Community Panel

Ask us a question and we’ll share it, and our response here

‘What’s in our oceans? What do we know about biodiversity of the Southern oceans (health and quantity) including mammals, fishes, crustaceans, ocean plants, in terms of quantity, and their health?

- Southern Community Panel

Response from New Zealand Oil & Gas: The National Aquatic Biodiversity Information System is the Government’s response to this very question.  The site is an interactive web-based mapping tool. Users can map and display information about New Zealand's marine environment, species distributions and fisheries management. Drawing on over 900 maps you can zoom in on different regions and layer a vast range of data to build a picture of what’s in the region.  

We have approached the Ministry for Primary Industries as owner of the NABIS website, seeking their assistance to further explain the site and data sources, and respond to any further questions from the Panel and the wider public.  We will provide any further information here.


How do we, as locals, benefit from your activities? Won’t all the commercial success go offshore?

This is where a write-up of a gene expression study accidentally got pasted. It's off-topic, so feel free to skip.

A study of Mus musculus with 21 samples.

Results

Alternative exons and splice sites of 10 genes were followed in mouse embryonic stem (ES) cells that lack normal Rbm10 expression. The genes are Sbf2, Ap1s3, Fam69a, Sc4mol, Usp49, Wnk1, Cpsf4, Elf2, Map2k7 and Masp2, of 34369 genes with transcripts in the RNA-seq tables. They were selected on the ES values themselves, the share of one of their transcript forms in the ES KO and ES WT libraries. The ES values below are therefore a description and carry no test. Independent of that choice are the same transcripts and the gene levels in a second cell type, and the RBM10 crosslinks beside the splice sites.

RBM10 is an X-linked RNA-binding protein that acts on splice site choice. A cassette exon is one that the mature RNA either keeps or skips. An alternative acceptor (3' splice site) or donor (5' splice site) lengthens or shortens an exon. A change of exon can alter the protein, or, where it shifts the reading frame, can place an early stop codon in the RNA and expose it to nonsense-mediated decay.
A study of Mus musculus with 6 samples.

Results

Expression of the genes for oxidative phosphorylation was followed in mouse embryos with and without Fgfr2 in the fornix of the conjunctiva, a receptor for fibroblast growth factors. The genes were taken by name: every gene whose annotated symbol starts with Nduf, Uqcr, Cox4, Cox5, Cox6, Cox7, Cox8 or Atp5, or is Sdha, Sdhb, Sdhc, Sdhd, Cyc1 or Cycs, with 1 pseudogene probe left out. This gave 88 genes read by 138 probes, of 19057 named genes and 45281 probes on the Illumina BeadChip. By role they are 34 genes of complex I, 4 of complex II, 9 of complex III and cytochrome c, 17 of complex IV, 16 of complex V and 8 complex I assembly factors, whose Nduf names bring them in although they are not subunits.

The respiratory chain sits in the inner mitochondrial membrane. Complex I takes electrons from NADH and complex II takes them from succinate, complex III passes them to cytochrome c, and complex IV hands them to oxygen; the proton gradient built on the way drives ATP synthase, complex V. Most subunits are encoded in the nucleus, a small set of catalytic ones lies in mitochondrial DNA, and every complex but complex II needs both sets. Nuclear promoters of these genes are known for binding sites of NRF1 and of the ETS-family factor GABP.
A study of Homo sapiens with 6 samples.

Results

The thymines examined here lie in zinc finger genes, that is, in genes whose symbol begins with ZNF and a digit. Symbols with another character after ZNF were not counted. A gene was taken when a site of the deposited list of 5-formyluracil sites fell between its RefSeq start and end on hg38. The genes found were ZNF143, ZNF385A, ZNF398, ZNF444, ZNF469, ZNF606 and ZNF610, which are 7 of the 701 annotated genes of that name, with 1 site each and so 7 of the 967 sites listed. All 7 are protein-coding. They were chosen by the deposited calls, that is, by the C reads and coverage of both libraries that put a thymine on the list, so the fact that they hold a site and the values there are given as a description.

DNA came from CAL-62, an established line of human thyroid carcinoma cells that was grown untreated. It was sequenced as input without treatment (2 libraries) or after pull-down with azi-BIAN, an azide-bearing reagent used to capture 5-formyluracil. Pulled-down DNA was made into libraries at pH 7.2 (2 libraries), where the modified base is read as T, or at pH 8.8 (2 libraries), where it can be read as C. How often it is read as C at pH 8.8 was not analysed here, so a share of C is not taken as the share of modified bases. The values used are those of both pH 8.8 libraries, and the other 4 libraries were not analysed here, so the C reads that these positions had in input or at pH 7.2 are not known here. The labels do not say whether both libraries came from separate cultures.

Our answer:

We’ve had feedback that local communities feel they bear some costs in development, and want to know what the benefits to the community would be. Our Community Panels asked us, via their annual Letter of Expectations, to address this issue.

We responded in four ways:

  • We improved communication about the financial benefits the industry has brought to New Zealand through the royalty regime, and highlighted the economic impact the industry has made in Taranaki. The Pepanz website, and publications such as Venture Taranaki’s The Wealth Beneath Our Feet demonstrate community benefits.
  • We commissioned a regional economic impact assessment of commercialising the Barque prospect (Clipper permit, off the Oamaru coast). The report was co-funded by New Zealand Trade and Enterprise and the Clipper joint venture partner, Beach Energy. It drew on data from Beca, PrimePort Timaru, Methanex, Coogee, Ravensdown, Fonterra and others.  The report is available here
  • We adopted a new corporate policy
    Capturing Local Economic Benefit’. This policy commits us to proactively identify business opportunities for local communities, and work with them to help meet supplier requirements. For example, if we have a discovery we would expect to establish a local purchasing function, showing local business how they could take advantage of the contracting opportunities a development would bring. We can help local suppliers meet the quality, safety and social responsibility standards we require. Then, those benefits will extend to every part of the economy that interacts with those suppliers. If we lift the health and safety capability of someone who supplies us with transport, or scaffolding, or other services, then their business is improved for the long-term as well as ours.

  • We continue to invest in local sustainable community projects.